Seminar Series – Coming Soon
Our next Public Seminar Series is coming soon! The first seminar is less than a month away, starting on the 27th of July! 6 seminars over 3 weeks!
Two 1 hour topics to choose from, including “Separation & Children” and “Separation & Property” and they will be presented by our Principal and Accredited Specialist, Michael Lynch. These topics are very popular so don’t miss this series!
For more details on all the seminar dates and locations, visit www.mlfl.com.au/seminars.
Immunisations – A Court’s Consideration
This anti-vaccine debate is vehemently argued by doctors, parents and the general public. But what happens when separated parents cannot agree about the immunisation of a child and the decision is left to the Court? A recent decision from the Federal Magistrate’s Court has considered this.
- The case involved a 5 year old child. The parents separated prior to her birth in 2005. In 2006 the parties entered into Consent Orders about the time the Father would spend with the child. It provided that the time would increase on a gradual basis and also that the child would not be immunised.
- The Father filed proceedings four years later seeking a change to the Parenting Orders to allow for the child to be immunised. The Father’s evidence was that he was desperate to establish a relationship with the child and that he initially consented to the injunction involving immunisations so he could commence spending time with her.
- Doctor’s provided evidence in support of both parents’ arguments. The Mother’s evidence was that there was a risk of the child having a reaction to the immunisation, whilst the Father argued that it was in the child’s ‘best interests’ to be protected from any diseases by receiving immunisations.
- The risk of the child suffering a significant reaction to immunisation was extremely rare. In balancing the risk ratio and the paramount consideration of the child’s “best interests”, the Court Ordered that the child be immunised for Measles, Mumps, Rubella, Diphtheria, Tetanus, Pertussis, Varicella.
- The Court did not Order that the child be immunised for Hepatitis B or Polio as there is little likelihood of the child contracting any of those diseases in Australia and therefore on a risk analysis they were unnecessary.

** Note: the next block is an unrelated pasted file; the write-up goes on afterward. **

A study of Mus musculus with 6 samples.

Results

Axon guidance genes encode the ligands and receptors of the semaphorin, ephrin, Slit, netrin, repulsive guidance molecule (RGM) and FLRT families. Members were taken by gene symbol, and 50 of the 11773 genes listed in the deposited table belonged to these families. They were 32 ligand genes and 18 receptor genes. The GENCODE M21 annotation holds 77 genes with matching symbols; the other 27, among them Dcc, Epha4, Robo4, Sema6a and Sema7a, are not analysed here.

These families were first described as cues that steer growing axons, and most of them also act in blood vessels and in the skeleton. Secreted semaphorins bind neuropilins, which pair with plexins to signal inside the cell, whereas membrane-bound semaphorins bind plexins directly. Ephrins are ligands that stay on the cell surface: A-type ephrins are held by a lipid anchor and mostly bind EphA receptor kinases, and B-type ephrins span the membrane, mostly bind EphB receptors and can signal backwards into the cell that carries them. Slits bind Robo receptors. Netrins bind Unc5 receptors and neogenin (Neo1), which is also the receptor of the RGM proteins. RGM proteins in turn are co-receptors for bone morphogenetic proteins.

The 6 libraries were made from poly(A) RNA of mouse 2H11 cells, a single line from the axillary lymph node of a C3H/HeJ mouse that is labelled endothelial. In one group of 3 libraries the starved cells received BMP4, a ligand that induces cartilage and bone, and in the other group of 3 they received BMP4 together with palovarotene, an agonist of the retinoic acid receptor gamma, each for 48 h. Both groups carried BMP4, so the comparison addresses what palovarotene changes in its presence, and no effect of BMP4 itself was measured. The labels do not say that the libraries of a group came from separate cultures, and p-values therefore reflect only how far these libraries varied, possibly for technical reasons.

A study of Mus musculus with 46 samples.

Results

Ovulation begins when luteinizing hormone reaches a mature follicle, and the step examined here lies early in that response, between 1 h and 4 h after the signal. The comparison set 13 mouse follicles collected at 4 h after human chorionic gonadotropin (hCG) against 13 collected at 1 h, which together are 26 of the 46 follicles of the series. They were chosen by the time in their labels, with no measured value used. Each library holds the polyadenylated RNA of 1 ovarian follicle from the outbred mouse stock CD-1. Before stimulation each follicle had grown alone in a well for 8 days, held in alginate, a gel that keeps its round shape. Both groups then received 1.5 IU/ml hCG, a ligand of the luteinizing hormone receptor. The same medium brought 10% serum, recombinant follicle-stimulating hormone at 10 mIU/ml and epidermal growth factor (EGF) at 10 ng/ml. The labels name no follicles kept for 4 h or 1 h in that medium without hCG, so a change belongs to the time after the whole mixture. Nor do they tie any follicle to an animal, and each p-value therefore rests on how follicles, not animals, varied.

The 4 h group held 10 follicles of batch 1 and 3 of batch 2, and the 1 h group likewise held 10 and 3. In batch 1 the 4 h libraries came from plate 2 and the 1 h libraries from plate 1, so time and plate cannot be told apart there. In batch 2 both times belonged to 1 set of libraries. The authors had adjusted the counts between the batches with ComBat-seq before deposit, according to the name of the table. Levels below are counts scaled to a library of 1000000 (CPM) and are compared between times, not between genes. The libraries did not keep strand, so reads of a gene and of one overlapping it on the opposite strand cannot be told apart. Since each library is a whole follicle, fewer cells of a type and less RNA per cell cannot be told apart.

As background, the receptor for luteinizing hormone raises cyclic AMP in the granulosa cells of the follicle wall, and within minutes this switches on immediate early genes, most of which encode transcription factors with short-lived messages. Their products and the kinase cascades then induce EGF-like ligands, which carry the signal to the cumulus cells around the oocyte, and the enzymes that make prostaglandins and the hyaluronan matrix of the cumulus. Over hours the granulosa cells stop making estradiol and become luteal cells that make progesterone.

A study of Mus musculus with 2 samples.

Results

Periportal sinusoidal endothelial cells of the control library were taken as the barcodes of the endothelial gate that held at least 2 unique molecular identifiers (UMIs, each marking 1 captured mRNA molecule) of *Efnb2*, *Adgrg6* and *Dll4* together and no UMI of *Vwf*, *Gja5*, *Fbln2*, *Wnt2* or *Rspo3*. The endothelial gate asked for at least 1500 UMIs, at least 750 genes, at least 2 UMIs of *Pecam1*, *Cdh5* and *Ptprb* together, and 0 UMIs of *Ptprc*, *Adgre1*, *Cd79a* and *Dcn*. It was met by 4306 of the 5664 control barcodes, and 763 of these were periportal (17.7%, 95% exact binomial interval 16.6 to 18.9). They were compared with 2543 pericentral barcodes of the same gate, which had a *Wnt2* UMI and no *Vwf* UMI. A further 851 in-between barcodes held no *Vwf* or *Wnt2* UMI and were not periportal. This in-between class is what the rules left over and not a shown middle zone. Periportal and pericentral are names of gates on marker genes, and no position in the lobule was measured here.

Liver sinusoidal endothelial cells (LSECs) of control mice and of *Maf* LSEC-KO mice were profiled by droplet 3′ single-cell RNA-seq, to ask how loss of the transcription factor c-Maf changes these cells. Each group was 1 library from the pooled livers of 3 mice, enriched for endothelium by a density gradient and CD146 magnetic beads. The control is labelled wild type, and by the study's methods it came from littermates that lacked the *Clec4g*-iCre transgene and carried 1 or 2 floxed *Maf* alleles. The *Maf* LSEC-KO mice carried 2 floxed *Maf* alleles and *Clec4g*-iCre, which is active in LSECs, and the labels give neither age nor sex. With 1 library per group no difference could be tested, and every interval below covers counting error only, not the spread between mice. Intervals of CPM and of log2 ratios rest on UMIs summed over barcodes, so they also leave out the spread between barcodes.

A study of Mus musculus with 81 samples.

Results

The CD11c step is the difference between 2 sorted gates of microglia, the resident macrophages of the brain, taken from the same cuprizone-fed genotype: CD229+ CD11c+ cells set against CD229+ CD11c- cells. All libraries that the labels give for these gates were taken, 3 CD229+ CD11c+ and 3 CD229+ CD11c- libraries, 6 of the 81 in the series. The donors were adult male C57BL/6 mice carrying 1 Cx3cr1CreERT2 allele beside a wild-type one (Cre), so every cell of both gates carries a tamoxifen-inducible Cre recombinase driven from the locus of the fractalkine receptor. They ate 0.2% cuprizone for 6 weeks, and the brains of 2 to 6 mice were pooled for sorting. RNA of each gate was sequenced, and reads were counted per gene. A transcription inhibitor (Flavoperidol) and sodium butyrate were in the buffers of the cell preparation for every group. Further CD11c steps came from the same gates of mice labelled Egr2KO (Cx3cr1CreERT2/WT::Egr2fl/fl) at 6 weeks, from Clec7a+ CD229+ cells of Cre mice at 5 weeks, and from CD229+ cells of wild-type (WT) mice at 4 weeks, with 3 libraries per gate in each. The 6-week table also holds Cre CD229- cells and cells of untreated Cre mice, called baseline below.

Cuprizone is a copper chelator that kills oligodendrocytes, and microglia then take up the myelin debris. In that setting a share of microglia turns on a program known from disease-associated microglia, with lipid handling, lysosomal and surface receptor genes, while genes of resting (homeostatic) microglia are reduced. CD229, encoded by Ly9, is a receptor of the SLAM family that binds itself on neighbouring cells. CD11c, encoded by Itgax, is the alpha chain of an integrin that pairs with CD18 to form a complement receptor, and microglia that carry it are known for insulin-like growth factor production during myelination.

- The Court also made an Order that the child be immunised for the Papaloma Virus (which is usually administered when 11 years of age) to prevent any further proceedings between the parties.
Q & A
Q: I have 2 children, one of them is over 18 years of age but still needs financial support, is there any way that the Court can Order my ex-partner to assist?
A: It is possible for the Court to make an Order for maintenance for your child over 18, in certain circumstances. This occurs under the Family Law Act, not the Child Support Act (i.e. not through the CSA). The Court usually makes a maintenance Order to enable the child to complete their education if the child is suffering a mental or physical disability.
Spouse Maintenance During Maternity Leave
If, at separation, a couple have different incomes and the lower income earning spouse is unable to meet their “reasonable financial needs” they may be eligible for spouse maintenance from the higher income earning spouse.
In a recent case the Court had to consider whether the Husband should pay spouse maintenance to the Wife, while the Wife was on unpaid maternity leave.
- The couple were together for 4 years. The Husband was aged 38 and the Wife was aged 30.
- The Wife had taken 8 months paid maternity leave from work, then 4 months unpaid leave, then applied
- for 4 months leave without pay and then applied for continued ‘leave without pay’ on the basis of “extended maternity leave and illness”. At the time of the hearing, the child was 16 months old.
- The Wife said her weekly expenses were $850 and when she was working, her weekly income was $707.
- The Wife sought spouse maintenance from the Husband of $850 per week.
- The Husband questioned the Wife’s expenses, including the extent to which her expenses related specifically to the care of the child, the cost of her medical expenses and why she had taken leave when there was a shared care arrangement in place.
- For the first 4 months prior to the hearing, the Husband had provided the Wife with $300 per week for rental assistance.
- Since the Husband had previously been able to provide the Wife with assistance he had the capacity to make a spouse maintenance payment.
- Although the Wife has the potential capacity to return to work, she was entitled to continue “her caregiving role as a parent”, for a child under school age.
- There was no evidence to suggest that the Wife would not return to work after her leave expired.
- That the Husband pay spouse maintenance of $250 per week for the next 4 months.
This document contains general comments only and should not be relied upon as specific legal advice. Readers should contact this Office for detailed information or advice on any topic in this document. Changes to the law occur regularly, no responsibility for any loss or damage caused to any person acting in reliance on this document shall be accepted by the Principal of this Office. No part of this document may be included on any document, circular or statement without our written approval.